Possible target for immunotherapy in early stage breast cancer identified

A new molecular analysis tool accurately detected the level of an important target for immunotherapy in early stage breast cancers. The diagnostic test, using RNAScope, measures the amount of programmed death ligand 1 (PD-L1) mRNA in routine formalin-fixed cancer tissues and is devoid of many of the technical issues that plague antibody-based detection methods that have yielded conflicting results in the past. PD-L1 is the target of several novel immune stimulatory therapies in clinical trials.

PD-L1 is a protein that plays an important role in suppressing immune response, and in cancer, it may allow tumors to evade immune attack. The study demonstrated that about 60% of early stage breast cancers have PD-L1 expression, and a subset of these cancers also have large numbers of tumor infiltrating lymphocytes. High levels of lymphocytes and PD-L1 predicted for better survival, suggesting a beneficial role for the immune system in at least partially controlling these cancers.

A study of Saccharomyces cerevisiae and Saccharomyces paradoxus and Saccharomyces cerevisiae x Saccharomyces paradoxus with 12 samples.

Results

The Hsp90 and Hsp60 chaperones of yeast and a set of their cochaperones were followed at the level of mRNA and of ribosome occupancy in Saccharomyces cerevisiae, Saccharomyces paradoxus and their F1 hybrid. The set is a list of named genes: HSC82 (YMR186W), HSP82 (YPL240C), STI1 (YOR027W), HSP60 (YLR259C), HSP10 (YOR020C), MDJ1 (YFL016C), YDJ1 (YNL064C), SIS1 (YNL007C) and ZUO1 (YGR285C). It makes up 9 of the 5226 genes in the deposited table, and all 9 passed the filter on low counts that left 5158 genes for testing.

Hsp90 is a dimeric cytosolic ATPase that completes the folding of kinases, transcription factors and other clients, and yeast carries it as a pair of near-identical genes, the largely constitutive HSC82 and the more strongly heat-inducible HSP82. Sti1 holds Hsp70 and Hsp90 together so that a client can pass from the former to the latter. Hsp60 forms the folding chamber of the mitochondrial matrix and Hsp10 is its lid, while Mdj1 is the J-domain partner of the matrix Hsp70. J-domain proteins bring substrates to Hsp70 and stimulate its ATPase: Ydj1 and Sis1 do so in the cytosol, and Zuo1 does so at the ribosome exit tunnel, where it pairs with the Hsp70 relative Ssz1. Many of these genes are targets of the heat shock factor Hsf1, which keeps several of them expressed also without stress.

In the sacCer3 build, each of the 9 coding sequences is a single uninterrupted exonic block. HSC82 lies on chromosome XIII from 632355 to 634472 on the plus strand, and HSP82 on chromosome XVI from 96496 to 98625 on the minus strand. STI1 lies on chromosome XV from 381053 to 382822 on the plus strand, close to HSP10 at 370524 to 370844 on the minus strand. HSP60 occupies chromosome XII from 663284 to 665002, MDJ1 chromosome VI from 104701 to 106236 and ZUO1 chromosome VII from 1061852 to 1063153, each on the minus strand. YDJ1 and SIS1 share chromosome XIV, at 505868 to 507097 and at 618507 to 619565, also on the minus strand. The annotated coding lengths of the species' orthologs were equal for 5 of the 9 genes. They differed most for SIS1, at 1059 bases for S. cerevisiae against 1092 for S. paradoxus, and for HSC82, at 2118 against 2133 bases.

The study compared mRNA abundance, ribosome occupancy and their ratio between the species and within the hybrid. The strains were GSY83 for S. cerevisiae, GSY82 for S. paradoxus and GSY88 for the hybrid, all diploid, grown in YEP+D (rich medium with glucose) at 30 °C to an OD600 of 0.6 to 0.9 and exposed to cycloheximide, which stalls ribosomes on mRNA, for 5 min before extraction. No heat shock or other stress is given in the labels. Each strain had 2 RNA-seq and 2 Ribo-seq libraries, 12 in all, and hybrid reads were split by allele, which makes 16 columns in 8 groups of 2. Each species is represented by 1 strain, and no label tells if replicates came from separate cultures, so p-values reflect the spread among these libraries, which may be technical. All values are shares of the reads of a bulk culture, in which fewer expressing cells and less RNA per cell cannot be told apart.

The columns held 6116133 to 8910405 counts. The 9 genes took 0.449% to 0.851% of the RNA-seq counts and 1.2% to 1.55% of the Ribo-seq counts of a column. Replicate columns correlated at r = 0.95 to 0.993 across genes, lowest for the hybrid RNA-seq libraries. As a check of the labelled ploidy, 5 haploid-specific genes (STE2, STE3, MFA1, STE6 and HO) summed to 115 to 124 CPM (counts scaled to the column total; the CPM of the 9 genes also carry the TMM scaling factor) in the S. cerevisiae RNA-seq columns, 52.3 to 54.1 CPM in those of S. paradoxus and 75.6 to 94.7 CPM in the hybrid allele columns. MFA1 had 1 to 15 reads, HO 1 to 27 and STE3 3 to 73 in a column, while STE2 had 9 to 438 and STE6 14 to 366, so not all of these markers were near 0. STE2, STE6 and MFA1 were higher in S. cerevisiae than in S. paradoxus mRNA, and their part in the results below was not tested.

“This is exciting  because these findings provide the rationale to test PD-L1 targeted therapies in breast cancer with the hope of further improving cure rates in early stage breast cancer,” said co-author Lajos Pusztai, MD, DPhil, professor of Medical Oncology and chief of Breast Medical Oncology at Smilow Cancer Hospital at Yale Cancer Center in New Haven, Connecticut. The study was published in the Journal of Clinical Cancer Research (2014; doi:10.1158/1078-0432.CCR-13-2702).

“Patients with many tumor infiltrating lymphocytes and high PD-L1 expression may be the ideal candidates for these therapies,” said Pusztai. He added that the in situ mRNA detection method used in the study eliminates many of the technical problems that older immunohistochemistry assays had.

The study concluded that their observations supported research to evaluate therapies targeting programmed death receptor 1 (PD-1) and PD-L1 in breast cancer. These types of therapies are emerging as promising in metastatic renal cancer, lung carcinomas, and melanomas, where they have led to lasting responses.